Blackberry phones are officially dead from January 4th, 2022, but mine is still going. Yeah, I still have a Blackberry. I love it. It is in many ways the perfect low-distraction phone.
On a Blackberry you can do everything you really need and nothing else. This is a feature, not a bug. On my Blackberry I can quickly text and email people, make calls, get reminders, and look up something in a pinch. And that’s all.
I don’t watch videos, I don’t instant message, I don’t check social media at all. When I’m bored I check email, which is boring. Today people have apps and settings to help them use their phones less, but a Blackberry does this by default. There’s simply nothing to be done.
Yes, Blackberry’s are dinosaurs, but dinosaurs were cool. It’s a shame to see it finally go extinct. As their announcement said:
Updated December 22, 2021: As a reminder, the legacy services for [my phone] will no longer be available after January 4, 2022. As of this date, devices running these legacy services and software through either carrier or Wi-Fi connections will no longer reliably function, including for data, phone calls, SMS and 9–1–1 functionality.
Now, it’s two days later and my Blackberry hasn’t bricked. I can still take calls and use my calendar, though I haven’t tried 911. I think their point is that you can’t expect the device to work from now on, and don’t call them when it messes up.
I say it’s a shame because Blackberry was the last phone standing between smart and dumb. You can still get an old-school Nokia, but I used one for a year and typing absolutely sucks. You can get keyboard phones running Android, but that’s just a bad smartphone. Blackberry was the last thing in the middle, an integrated device that was neither ‘smart’ nor dumb.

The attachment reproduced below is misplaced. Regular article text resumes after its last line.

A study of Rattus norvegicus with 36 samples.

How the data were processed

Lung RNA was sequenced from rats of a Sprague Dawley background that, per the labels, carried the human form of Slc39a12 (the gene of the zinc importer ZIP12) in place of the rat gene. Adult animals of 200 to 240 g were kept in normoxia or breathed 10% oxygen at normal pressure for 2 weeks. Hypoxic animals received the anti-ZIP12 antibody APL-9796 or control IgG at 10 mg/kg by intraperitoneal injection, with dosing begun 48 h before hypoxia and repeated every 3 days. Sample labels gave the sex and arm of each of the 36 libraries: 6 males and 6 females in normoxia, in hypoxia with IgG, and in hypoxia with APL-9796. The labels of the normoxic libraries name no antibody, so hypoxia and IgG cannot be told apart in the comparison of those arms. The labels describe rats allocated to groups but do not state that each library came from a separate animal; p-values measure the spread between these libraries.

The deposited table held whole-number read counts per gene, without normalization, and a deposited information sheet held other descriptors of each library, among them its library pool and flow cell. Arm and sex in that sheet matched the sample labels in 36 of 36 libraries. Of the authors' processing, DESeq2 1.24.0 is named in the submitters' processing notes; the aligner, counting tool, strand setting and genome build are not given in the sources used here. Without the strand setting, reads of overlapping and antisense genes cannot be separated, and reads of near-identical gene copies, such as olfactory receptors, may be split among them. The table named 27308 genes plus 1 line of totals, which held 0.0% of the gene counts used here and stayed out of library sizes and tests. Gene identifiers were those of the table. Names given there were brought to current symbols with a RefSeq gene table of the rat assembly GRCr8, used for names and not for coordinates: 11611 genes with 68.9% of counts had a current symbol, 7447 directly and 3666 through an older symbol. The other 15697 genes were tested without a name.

I liked it because it let you keep the functional, vital parts of a smartphone (showing an email ticket, sending messages quickly, looking a number up) and stripped out the distractions.
Of course I still do the distracting stuff, I just do it on my own terms, on an iPad or computer. The distraction isn’t always in my pocket. With smartphones, we can do anything at anytime but are unable to focus on anything, ever. The phone is always interrupting us.
On the other hand, whenever my Blackberry interrupts me it’s usually A) actually important or B) boring, so I just get back to life. Which was the point. These things were supposed to make our lives easier, not take them over, as they have done.
That’s why I’ll miss Blackberry. I’ll clutch my zombie phone until it’s finally, finally, done. Blackberry is dead, but long live my Blackberry. The last king of the livable land between ‘smart’ and ‘dumb’.